Best Polymer Clay for Value

    talfonsoposted 10 years ago

    http://s2.hubimg.com/u/7680645_f248.jpg
    I went to Walmart and bought the "Oven Bake Clay." I was so interested in making stuff with polymer clay thanks to YouTube videos on how to make jewelry and charms.

    Let me tell you that the clay STINKS. It's fine for making thick pendants and paperweights, but it's not really that suited for caning. I tinted the clay with alcohol inks and tried to cane with them, but they were all distorted! Well, at least it had some weird, interesting effects!

    So, I headed to Joann and bought by accident Premo! Frost Glitter White (I was to buy just Frost, the clearest of translucent clays) and Premo! Pearl. I took them home and started caning, tinting portions of it with small amounts of water-mixable oil paints. With some resting/chilling, the canes worked out well! The beads, rosary centerpieces, and charms I made with Premo! were durable and strong. I was amazed!

    While I was at it, I read reviews of the Original Sculpey and found a lot of them negative. They reported brittle pieces after baking (especially the thin pieces) and much more. I was to consider using Sculpey III, but it's also a weak clay.

    Well, I decided to put the cruddy Oven Bake Clay (Original Sculpey in Great Value packaging) to other good uses. They became armatures for charms and I veneered them with the Premo! Clays. I made homemade slip with a bit of oil with the Wally World clay and made slip (a viable alternative to liquid clay).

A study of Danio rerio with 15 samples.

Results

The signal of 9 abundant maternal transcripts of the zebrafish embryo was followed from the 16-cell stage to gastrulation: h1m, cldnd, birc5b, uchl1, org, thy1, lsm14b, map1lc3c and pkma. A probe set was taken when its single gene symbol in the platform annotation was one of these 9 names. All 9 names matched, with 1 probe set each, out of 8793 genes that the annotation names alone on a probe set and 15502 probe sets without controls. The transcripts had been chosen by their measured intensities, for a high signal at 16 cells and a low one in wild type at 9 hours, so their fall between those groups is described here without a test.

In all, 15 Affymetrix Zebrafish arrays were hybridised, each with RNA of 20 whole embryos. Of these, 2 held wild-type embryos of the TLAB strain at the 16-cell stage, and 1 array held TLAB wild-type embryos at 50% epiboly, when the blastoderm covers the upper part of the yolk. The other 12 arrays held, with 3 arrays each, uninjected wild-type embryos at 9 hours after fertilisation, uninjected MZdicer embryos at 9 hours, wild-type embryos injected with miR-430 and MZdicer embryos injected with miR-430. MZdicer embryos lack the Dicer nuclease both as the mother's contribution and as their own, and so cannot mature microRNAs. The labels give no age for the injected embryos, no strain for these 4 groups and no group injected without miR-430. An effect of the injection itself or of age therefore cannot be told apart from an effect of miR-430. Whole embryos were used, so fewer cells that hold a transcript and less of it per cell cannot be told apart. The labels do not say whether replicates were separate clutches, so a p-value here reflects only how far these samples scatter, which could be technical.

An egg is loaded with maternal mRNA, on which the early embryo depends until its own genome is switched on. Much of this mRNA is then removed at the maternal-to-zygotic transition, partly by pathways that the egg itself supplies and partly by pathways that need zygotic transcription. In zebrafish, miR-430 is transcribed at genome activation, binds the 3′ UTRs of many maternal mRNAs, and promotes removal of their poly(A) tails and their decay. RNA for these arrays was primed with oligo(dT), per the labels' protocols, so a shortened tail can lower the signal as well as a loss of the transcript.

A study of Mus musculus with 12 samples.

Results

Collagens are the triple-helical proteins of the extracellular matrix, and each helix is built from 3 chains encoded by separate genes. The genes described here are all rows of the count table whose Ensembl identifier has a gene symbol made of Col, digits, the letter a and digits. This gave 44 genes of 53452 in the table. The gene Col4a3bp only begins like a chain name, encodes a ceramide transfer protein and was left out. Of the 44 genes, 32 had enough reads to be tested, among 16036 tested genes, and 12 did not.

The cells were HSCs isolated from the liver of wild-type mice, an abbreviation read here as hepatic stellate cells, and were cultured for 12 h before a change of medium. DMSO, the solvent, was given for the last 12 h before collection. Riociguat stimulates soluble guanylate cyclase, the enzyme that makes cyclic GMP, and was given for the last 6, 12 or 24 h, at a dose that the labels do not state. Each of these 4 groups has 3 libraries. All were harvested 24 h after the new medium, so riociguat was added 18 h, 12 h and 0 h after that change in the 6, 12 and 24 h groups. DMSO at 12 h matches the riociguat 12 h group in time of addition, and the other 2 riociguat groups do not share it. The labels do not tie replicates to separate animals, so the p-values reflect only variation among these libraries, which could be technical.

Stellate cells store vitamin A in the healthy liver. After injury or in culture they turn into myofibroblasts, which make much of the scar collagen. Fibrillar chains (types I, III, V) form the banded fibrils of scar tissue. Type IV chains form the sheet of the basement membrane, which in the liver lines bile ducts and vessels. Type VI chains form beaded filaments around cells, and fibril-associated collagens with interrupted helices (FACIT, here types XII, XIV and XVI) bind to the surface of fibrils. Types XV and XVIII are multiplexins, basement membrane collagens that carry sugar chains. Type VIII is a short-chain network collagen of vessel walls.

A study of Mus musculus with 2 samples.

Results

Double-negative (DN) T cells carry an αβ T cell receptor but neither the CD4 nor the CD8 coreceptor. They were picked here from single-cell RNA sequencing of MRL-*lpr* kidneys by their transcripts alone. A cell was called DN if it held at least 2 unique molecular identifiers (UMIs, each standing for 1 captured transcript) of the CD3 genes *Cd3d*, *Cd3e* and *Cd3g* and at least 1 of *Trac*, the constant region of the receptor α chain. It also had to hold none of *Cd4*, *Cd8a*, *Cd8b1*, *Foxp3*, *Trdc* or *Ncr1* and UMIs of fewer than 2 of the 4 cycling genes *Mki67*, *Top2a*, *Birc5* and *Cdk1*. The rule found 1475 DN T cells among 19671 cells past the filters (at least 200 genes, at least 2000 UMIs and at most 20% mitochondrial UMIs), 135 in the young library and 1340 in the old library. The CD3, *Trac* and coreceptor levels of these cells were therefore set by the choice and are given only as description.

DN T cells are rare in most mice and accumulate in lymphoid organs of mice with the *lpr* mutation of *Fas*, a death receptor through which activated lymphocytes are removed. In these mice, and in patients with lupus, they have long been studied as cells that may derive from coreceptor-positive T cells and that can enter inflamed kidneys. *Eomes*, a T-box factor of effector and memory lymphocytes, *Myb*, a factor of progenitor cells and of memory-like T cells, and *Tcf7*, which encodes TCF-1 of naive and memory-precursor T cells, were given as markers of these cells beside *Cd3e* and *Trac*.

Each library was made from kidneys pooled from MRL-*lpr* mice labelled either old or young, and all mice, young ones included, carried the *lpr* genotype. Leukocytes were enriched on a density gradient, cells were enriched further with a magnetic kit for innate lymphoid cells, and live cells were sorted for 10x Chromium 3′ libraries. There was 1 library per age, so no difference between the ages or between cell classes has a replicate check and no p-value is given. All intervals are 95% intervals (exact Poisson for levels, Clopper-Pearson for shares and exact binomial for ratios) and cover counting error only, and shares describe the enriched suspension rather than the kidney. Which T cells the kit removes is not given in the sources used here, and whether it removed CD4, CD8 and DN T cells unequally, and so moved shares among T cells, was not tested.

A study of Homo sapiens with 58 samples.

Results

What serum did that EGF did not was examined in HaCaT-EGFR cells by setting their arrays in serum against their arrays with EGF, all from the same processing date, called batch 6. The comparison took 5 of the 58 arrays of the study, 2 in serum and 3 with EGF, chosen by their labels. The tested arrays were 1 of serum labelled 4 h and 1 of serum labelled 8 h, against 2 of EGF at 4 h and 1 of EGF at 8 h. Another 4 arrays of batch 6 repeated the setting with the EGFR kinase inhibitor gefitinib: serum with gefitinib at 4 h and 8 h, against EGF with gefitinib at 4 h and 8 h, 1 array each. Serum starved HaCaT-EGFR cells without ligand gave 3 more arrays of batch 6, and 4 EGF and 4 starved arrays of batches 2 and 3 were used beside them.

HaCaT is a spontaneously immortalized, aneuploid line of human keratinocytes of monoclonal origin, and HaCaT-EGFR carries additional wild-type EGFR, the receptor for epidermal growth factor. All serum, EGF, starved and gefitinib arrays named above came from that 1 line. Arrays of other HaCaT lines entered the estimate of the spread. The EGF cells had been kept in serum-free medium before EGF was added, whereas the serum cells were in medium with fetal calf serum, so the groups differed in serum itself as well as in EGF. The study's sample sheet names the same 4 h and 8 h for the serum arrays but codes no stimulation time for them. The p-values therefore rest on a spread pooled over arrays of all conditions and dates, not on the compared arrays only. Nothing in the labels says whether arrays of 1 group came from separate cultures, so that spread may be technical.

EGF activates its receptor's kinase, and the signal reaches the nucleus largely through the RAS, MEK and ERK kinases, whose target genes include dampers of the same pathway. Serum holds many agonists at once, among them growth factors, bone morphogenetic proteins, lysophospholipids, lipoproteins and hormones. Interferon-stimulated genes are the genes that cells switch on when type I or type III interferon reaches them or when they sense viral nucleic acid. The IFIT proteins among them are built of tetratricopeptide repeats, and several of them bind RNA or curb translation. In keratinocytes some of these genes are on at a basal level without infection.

Lesson learned: the 1 lb brick of clay from Walmart is good for paperweights in simple, thick shapes, slips for adhering clay, and armatures for charms. But if I want something durable and worth my salt, I'd head to the craft store and buy Premo! clays.

    So what is the best polymer clay for value for you?

  2. janesix profile image59
    janesixposted 10 years ago

    Don't buy the junk if you want to make things with pc, it just isn't worth it. I can't afford polymer clay anymore, so I don't even bother buying anything at all if I cant afford the good stuff like premo or prosculpt. The cheap stuff isn't even good for practice, because you have to work it in a totally different way.

    1. talfonso profile image87
      talfonsoposted 10 years agoin reply to this

      Right. I now stick to Premo! right now - already bought their Frost (not Frost Glitter White, but Frost, in a 1lb block). Have oil paints and Alcohol inks to color portions to make opals and other faux gems. Thanks for commenting.

  3. Amadaun profile image61
    Amadaunposted 10 years ago

    It depends on what you're trying to make.  Do you want to make beads?  Thin, flexible pieces?  Larger sculptures?

    1. talfonso profile image87
      talfonsoposted 10 years agoin reply to this

      Mostly the former two - I mostly use it for jewelry and rosaries. I had slices of cane (thin slices) baked. After baking, I dunk them into an ice water bath (it's not just for translucent clay anymore) for durability. The pieces were surprisingly flexible without breakage! That's why I love Premo!

      I would have bought Kato Polyclay or Regular Fimo (which are better for caning, but a bit more rigid than Premo!), but I'd chlll my made canes (or parts of it) before slicing.